Focus: Small Space Makes a Strong Electric Field
Getting photons to interact generally requires extreme conditions—sending them through a dense cloud of ultracold atoms or using super-intense laser light, for example. But now researchers have shown theoretically that photons can be made to interact using very weak light in an ordinary slab of silicon by cutting a precise series of air spaces within the material. The effect could simplify the development of photon-based computing devices, either classical or quantum, using ordinary materials.
In vacuum or air, two light waves will pass through one another, since photons do not interact. In a nonmetallic solid such as silicon, photons can interact through the so-called Kerr effect—the presence of one photon changes the material’s index of refraction, altering how a second photon behaves within it. Photonic interactions within materials would be useful for making photon-based logic gates—the components of an optical computer—yet the Kerr effect usually requires extremely strong electric fields produced by intense laser beams.
But now Hyongrak Choi, Mikkel Heuck, and Dirk Englund of the Massachusetts Institute of Technology, Cambridge, have shown theoretically that similarly strong fields can also be realized by introducing a precise pattern of air spaces in the material. With modern fabrication technology, they suggest, it should be possible to achieve photon interactions even with very weak light.
The team’s work builds on that of Michal Lipson of Columbia University in New York and her colleagues, who, in 2005, studied light stored in silicon . Imagine a “bar” of silicon of square cross section, about 10 micrometers long, having a series of equally spaced, horizontal holes drilled through it, each one almost as wide as the bar. To make an optical cavity, researchers skip the center hole, leaving a solid region in which light can become trapped. Lipson and her colleagues showed theoretically that cutting a narrow, horizontal slot through the center of the cavity, connecting the holes at either end, could boost the maximum strength of the electric field of the trapped light by concentrating the light into a small volume. Assuming the electric field is exclusively vertical, this slot boosts the field strength within the gap by about 10 times because of the difference in electromagnetic properties between air and silicon.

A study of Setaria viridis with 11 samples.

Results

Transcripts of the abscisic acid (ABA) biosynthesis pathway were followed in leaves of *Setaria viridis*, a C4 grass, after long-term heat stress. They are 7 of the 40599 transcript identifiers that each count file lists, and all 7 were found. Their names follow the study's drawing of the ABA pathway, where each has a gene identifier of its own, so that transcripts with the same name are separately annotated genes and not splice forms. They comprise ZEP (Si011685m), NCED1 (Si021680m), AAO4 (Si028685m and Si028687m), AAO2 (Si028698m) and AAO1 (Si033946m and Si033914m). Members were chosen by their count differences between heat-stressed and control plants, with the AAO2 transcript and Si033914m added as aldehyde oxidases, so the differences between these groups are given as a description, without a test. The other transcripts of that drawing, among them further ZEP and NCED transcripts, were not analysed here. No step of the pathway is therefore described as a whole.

Choi and colleagues show that modifications of this simple air gap can focus the field energy even more. For example, imagine placing a vertical column of silicon across the center of the horizontal gap. The electric field is now parallel to this new silicon-air interface, rather than perpendicular, so the rules for the field are different. Electromagnetic theory requires the field to be identical across the silicon-air interface, so the strong field from the air gap permeates inside the column, or “bridge.” Meanwhile, since an electric field carries 10 times the energy density in silicon as in air, the bridge gives another roughly tenfold increase in maximum energy density.
In computer simulations, the team confirmed these theoretical estimates. Choi and colleagues further argue that one can add smaller copies of the gap/bridge construction onto the original, first putting a secondary horizontal gap within the vertical bridge, and then crossing that gap in turn with another, secondary silicon bridge. This elaboration again boosts the maximum field value and associated energy density. In principle, the procedure can be repeated indefinitely on smaller scales, limited only by material properties and fabrication techniques. For some choices of slot and bridge length scales, the researchers note, in the limit of many such elaborations, the structure becomes simply an air gap into which two sharply pointed peninsulas protrude, just reaching one another. This structure concentrates the field energy into a nanoscale zone near the tips.
“Surprisingly,” says Englund, “we could use geometry alone to strongly concentrate the electromagnetic field inside the cavity.” In calculations, the team also found that this technique could be enough to achieve a strong Kerr effect, even from one photon. That is, injecting a single photon into the cavity would significantly change how a second injected photon would behave, creating an effective interaction between the photons. But achieving this in practice, the team notes, might require filling the slot area with organic materials having enhanced Kerr properties.
“This is remarkable work,” says physicist Mohammad Soltani of Raytheon, who specializes in nanophotonics. “It’s probably the most promising [concept] to date for making practical devices such as photon gates for quantum information processing.”
This research is published in Physical Review Letters.
Editor’s Note (10 July 2017): A similar design for strong field confinement in photonic crystal cavities was published last year. The new work demonstrates that these field enhancements are likely to be sufficient to achieve an ultrastrong Kerr effect, even with just one photon.
Mark Buchanan is a freelance science writer who splits his time between Wales, UK, and Normandy, France.
- J. T. Robinson, C. Manolatou, L. Chen, and M. Lipson, “Ultrasmall Mode Volumes in Dielectric Optical Microcavities,” Phys. Rev. Lett. 95, 143901 (2005).